We’ve collected some practical tips you can use to try and minimize holiday and pandemic-related stress. 

Acknowledge Your Feelings

If you can’t be with your loved ones, are grieving the loss of a loved one, or are sad because of the changes and pandemic has caused to your usual holidays, it is ok to feel this way. Take time to express your feelings, cry, or be angry. Just because it is the holidays, do not feel as though you need to force yourself to be happy. 

Seek Support

If you feel isolated or lonely, reach out to your friends, family, community, or faith group. Many are finding connections through online support groups, social media sites, or virtual meetups and events. You can also talk to a friend or family member via text, call, or video chat. 

If you truly need in-person connection and feel comfortable doing so, consider volunteering your time or doing something to help others such as dropping off a meal to someone at higher risk who cannot venture out. 

Set Realistic Expectations

The holidays do not have to be perfect. Families grow and change, as do rituals and traditions. Consider creating a new tradition for those that cannot travel or come home this year as a way to celebrate together. This might be sharing emails, videos, or having a virtual call.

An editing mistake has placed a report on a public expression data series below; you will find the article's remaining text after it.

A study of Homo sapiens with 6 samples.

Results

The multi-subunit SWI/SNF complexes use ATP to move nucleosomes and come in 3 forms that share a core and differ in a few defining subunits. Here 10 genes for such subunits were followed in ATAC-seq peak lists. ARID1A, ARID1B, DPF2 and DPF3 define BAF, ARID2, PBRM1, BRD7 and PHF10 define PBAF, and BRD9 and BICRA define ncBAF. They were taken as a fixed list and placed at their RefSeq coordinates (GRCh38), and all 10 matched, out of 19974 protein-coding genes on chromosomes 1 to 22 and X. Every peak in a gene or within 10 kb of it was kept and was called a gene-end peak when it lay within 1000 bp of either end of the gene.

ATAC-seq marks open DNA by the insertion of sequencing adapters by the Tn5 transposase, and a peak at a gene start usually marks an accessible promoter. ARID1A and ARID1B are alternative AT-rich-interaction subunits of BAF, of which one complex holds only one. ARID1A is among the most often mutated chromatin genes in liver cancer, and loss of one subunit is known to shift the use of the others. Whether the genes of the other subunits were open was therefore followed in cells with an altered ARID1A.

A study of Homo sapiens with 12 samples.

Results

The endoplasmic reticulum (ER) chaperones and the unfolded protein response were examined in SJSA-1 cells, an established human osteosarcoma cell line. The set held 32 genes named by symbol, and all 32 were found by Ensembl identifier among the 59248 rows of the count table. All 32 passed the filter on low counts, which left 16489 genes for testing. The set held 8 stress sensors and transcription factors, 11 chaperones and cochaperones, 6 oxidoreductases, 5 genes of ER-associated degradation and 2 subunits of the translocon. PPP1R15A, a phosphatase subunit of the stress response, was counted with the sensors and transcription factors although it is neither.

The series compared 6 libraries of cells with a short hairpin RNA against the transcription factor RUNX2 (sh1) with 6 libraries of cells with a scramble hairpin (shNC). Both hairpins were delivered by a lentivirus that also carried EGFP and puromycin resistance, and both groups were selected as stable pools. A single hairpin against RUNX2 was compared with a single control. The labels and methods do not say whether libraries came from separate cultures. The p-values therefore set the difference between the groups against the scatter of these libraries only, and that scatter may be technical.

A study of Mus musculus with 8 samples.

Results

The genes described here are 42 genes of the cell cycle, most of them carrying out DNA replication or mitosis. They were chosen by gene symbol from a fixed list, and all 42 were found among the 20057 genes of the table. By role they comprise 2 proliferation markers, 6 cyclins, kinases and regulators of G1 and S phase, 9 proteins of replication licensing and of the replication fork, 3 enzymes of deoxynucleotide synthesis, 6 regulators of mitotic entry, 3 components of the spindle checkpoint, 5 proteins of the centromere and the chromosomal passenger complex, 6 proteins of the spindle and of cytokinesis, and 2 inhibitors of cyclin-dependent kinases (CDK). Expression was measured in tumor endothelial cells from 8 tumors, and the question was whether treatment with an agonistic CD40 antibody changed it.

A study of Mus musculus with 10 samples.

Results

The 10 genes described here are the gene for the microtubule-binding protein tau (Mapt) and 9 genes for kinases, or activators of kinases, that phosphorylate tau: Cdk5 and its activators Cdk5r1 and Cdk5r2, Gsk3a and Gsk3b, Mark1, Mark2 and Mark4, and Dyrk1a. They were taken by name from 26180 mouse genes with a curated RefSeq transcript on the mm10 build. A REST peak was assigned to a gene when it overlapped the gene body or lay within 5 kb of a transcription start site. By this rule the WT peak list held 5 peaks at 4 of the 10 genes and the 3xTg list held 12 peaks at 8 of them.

Accept Differences

The pandemic and political climate has brought forward many differences that exist between us and our loved ones. Use this time to try and set aside grievances and be understanding if others are more distressed, upset, or make decisions for their family and personal health that you do not agree with. Chances are these people are experiencing the same levels of holiday stress and are doing the best they can. 

Learn to Say No

If you do not feel comfortable participating in a group activity or feel pressured to visit family members in a setting where you could be exposed to the virus, learn to say no if you need to. Saying yes when you do not want to can leave you feeling overwhelmed and resentful. 

Start or Continue Healthy Habits

Do not let the holidays become a free-for-all. Try to eat healthy meals, get plenty of sleep, and stay physically active throughout the week. If can also try deep-breathing exercises, meditation, and limit the amount of media you take in. You should make time for yourself when you can, even if it’s just spending 15 minutes alone without distractions. Some options might include taking a walk, listening to music, doing a hobby you love, or reading a book. 

Talk to a Professional

If you find that despite your attempts you feel sad, anxious, irritable, hopeless, or lonely, reach out to a doctor or mental health professional. We are currently seeing patients via telehealth at this time.